Former Boston Red Sox star Bill Lee collapsed in the bullpen while warming up for a Savannah Bananas exhibition game Friday night, but the 75-year-old pitcher walked off the field with assistance.
“He was able to leave the stadium with medical attention and was taken to a local hospital,” team president Jared Orton said in an email to The Associated Press.
Lee, a member of the Red Sox Hall of Fame, was in the right-field bullpen when the episode occurred.
Lee had stopped breathing after collapsing, but paramedics and two shocks with a defibrillator helped resuscitate him, according to a witness at the scene.
“Without immediate intervention, I do not believe he’d be here today,” Town of Thunderbolt Administrator Bob Milie told The Associated Press on Saturday.
“He wasn’t breathing,” said Milie, who’s also a firefighter in the Georgia town a few miles from Savannah. “It was very, very dire.”
Bananas manager Eric Byrnes posted a picture to Twitter of himself with Lee at Memorial Health University Medical Center on Saturday.
One of Lee’s daughters arrived in town and was at the hospital with him, team president Jared Orton said.
“She said he’s in good spirits and continues to be evaluated for next steps in recovery, but is certainly acting like himself,” Orton said in an email to the AP.
Orton said a member of the Bananas’ front office stayed with Lee at the hospital past midnight.
Milie was at Grayson Stadium to see the Bananas, an entertaining team known for its bright yellow uniform and its clowning antics on and off the field. The game against the Party Animals was on ESPN2.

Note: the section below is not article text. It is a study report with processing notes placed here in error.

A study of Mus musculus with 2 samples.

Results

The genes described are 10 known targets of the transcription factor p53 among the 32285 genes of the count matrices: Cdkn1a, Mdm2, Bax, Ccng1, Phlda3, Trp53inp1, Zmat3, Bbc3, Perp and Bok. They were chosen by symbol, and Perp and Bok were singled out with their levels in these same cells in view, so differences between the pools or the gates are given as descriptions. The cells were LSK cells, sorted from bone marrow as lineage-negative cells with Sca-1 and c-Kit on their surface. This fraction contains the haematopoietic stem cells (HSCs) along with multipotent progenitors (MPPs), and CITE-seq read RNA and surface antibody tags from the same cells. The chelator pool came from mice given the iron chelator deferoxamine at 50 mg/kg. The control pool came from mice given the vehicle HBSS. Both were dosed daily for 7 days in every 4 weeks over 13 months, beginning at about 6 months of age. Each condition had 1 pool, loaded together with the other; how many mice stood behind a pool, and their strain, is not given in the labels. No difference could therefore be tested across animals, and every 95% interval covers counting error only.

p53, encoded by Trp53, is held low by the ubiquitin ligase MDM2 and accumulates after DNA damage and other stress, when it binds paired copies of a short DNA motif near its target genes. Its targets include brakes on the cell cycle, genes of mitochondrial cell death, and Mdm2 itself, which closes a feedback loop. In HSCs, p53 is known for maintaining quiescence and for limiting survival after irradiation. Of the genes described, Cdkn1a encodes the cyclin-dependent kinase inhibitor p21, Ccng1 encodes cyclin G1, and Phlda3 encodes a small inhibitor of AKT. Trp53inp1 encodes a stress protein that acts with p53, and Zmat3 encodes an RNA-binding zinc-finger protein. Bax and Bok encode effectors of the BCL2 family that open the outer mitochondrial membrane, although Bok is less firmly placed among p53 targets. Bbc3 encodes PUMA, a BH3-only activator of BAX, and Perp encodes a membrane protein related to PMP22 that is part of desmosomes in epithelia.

Lee, fondly nicked “Spaceman” for his irreverent approach during his days with the Red Sox and Montreal Expos, had previously pitched for the Bananas. When he went down Friday night, some people in the ballpark thought for an instant that it might’ve been part of their team’s “Bananas Ball” act.
“You never know with the Bananas. It was like ’is this … Wait, this is definitely not part of the show,’” Milie said.
Milie, who wasn’t part of the team that treated Lee, praised all the EMTs, police, firefighters, and rescue personnel at the scene for their swift action.
Milie said Lee was shocked twice with the defibrillator on the field.
“The second one, that seemed to do the trick, got the heart beating,” he said.
Lee was able to leave the field with assistance and the game later resumed.
In 14 seasons with Boston and Montreal, Lee went 119–90. An All-Star in 1973, the left-hander helped pitch the Red Sox into the 1975 World Series and started Game 7 against Cincinnati. Lee exited in the seventh inning and Boston later lost to Cincinnati 4–3.